Lots of us offer online lessons through Skype...
Hmm...Pay? Well, if its convenient and fun to do, why not? Online lessons would be as easy as you put in study time. I have looked into that and you have to submit recordings of your peice for grading.
I prefer to try learning a new song I hear. On Youtube, radio, whatever. Sometimes it comes out right, but others...well, I am going to have to ask you not to throw a shoe if you hear me in the dark. I figure that the best time to practice is during commercials. Thats what they were invented for anyways. If you count how much time they waste, thats almost 1/2 hour of every show! Thats 30 minutes of wasted time I will never get back, so why waste them?
I'm not sure we are talking about the same thing here.
We're talking about live video chat session here using a tool such as Skype or AIM's video session. The teacher can see an hear you, give you instructions etc. You can ask questions, play and have him listen real time, etc. In a lot of ways it's almost like in person, however there are some differences:
1. The sound quality may or may not be affected by your equipment, the quality of the session etc. In my most recent lesson, my external speakers were damaged and unusable, so we used only the internal speakers on my laptop - hard to hear, so I turned the sound all the way up, and he turned the gain on his mike up. The sound coming my way was distorted, and I had a tough time hearing. He said he could hear me fine, but there is always the potential for the situation reversing itself - however, I imagine he's got plenty of spare equipment in case of such a problem.
2. Because it's on line, it makes it possible to have my lesson wherever there is an internet connection - so I can travel, or whatever, and still have a lesson.
3. It broadens your field of potential teachers to select from. If there is noone locally who fits the bill, you can still have a quality teacher.
4. It is reliant on technology, and technological problems can definitely impact the lesson.
For the most part, it works well. If I could arrange it, I'd do 1/4 of my lessons in person - just for the "confidence factor" of knowing that my teacher is really hearing everything that comes out of my horn - that something is not lost in the transmission. But, since I can't have that, I'll work with what I have, and hopefully if I have opportunity here and there, (say if I travel back east on business) arrange an in person session - or even attend a brass camp.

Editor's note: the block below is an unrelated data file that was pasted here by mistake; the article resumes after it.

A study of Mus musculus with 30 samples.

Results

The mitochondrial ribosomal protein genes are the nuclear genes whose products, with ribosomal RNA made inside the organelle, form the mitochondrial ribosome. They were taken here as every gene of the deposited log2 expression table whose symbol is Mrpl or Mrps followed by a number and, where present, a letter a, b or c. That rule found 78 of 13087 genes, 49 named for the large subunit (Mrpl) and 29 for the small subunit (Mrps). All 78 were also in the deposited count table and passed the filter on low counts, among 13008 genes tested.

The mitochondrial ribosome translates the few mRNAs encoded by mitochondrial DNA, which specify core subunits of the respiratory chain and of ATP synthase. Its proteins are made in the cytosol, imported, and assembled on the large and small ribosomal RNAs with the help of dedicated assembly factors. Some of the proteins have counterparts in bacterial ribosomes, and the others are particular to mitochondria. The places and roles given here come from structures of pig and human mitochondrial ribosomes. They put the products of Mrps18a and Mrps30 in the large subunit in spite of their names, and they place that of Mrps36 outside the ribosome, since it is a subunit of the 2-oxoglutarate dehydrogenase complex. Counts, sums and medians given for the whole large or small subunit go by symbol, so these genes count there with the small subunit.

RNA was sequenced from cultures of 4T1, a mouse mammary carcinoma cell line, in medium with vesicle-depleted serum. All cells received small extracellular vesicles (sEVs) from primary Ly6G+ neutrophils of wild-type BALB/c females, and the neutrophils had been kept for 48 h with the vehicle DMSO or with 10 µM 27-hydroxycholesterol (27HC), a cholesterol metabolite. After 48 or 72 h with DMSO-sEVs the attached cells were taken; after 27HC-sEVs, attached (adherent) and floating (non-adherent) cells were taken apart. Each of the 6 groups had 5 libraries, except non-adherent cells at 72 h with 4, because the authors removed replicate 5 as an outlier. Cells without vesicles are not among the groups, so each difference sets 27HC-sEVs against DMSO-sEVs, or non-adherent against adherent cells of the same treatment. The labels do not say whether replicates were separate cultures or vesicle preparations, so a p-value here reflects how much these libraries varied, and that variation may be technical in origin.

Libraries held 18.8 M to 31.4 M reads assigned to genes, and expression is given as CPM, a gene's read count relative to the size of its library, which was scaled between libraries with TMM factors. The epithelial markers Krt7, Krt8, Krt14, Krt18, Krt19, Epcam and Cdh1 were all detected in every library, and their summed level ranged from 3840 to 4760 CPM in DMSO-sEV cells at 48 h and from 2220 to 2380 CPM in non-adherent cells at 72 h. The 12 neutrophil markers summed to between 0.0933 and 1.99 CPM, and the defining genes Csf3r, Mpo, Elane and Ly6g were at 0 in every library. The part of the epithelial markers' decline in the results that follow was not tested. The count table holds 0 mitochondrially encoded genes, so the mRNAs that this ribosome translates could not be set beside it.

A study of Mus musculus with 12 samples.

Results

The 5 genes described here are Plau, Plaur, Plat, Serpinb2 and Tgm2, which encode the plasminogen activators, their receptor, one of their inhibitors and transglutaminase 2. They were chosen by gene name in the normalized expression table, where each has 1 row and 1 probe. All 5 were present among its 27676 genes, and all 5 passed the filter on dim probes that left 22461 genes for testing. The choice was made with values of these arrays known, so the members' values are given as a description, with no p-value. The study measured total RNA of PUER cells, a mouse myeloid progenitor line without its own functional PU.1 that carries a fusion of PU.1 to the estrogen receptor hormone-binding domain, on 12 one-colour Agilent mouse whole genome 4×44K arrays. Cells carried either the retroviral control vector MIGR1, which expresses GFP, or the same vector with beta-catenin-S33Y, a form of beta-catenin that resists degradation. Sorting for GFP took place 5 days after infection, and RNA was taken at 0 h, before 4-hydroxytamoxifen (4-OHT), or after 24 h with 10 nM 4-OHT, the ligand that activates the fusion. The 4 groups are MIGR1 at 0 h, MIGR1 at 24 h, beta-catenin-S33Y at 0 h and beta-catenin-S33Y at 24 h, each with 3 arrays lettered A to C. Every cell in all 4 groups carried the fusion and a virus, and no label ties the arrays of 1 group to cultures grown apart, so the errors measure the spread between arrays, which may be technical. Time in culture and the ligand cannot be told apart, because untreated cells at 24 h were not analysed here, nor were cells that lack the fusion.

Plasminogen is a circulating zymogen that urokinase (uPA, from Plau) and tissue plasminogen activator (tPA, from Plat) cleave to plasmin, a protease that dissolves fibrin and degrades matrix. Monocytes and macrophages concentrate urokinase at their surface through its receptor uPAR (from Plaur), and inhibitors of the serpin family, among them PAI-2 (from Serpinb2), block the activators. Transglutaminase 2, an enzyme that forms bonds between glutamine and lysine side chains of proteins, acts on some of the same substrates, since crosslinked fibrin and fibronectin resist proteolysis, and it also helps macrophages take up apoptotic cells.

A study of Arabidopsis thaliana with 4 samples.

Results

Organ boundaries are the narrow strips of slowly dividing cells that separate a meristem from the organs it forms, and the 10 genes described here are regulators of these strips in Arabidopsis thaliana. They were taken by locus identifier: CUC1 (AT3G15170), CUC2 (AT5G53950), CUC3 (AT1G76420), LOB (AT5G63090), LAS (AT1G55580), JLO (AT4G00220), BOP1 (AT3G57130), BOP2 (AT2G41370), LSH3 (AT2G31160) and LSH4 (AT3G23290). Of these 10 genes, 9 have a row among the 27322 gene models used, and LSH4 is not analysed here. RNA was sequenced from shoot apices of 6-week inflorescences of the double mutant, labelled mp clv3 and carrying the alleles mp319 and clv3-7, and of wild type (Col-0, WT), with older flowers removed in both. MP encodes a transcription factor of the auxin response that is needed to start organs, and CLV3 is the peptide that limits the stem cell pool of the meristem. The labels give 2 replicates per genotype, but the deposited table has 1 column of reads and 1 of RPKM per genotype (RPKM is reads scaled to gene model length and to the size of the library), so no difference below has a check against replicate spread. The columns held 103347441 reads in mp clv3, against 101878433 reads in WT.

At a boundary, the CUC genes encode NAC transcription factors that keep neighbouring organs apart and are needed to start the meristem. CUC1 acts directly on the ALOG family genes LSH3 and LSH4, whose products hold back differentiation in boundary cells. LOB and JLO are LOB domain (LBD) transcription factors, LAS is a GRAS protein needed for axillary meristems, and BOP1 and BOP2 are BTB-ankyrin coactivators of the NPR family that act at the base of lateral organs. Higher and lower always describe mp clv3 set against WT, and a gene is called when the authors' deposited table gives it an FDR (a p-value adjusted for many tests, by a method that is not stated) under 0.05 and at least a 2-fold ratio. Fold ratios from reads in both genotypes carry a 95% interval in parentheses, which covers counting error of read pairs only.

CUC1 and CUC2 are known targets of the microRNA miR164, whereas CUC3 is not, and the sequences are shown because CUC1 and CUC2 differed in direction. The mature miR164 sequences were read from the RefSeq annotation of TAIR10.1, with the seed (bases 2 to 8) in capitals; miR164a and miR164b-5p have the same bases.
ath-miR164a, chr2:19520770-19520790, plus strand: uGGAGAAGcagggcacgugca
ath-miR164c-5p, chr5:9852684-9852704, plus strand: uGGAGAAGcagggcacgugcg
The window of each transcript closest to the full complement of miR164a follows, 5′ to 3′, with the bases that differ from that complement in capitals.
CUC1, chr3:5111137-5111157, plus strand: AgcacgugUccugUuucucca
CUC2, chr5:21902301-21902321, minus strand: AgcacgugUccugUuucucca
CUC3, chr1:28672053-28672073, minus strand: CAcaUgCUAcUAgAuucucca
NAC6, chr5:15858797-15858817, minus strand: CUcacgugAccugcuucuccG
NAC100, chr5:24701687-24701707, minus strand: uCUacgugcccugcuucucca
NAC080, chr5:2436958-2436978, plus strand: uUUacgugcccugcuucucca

I am referring to method books that have the iPas software. I was looking for this and came across their video where they show a teacher grading the work. It may be that this is geared more towards the middle school student though. With that said, might they offer classes at a local college? Here, they offer guitar instruction but its during my working hours only so thats out the window. I wish I had taken that guitar or band class in HS! I sure had a lot more time then and didn't have to work!
Many teachers offer online lessons these days. I can't think of any reason why this shouldn't be a productive way to study. Sure, your equipment will affect the sound involved, but a good teacher can still tell what's going on.
Compare this to NOT getting any help.....no brainer, right? Plus, even if you live in an area with lots of teachers, online lessons allow you to get teachers that one would never have access to any other way, other than studying at the college where these guys teach.
I've heard nothing but good things about online study, though I've never taken lessons online myself (I've never taken any lessons except when I was at college). I'd say go for it. Hey, if you feel after a while that it's not worth it then just stop and go to plan B, right? Seems like you can't really lose by trying it...
Nick Drozdoff from this site gives online lessons I believe. You can check with him as well. His user name is NickD.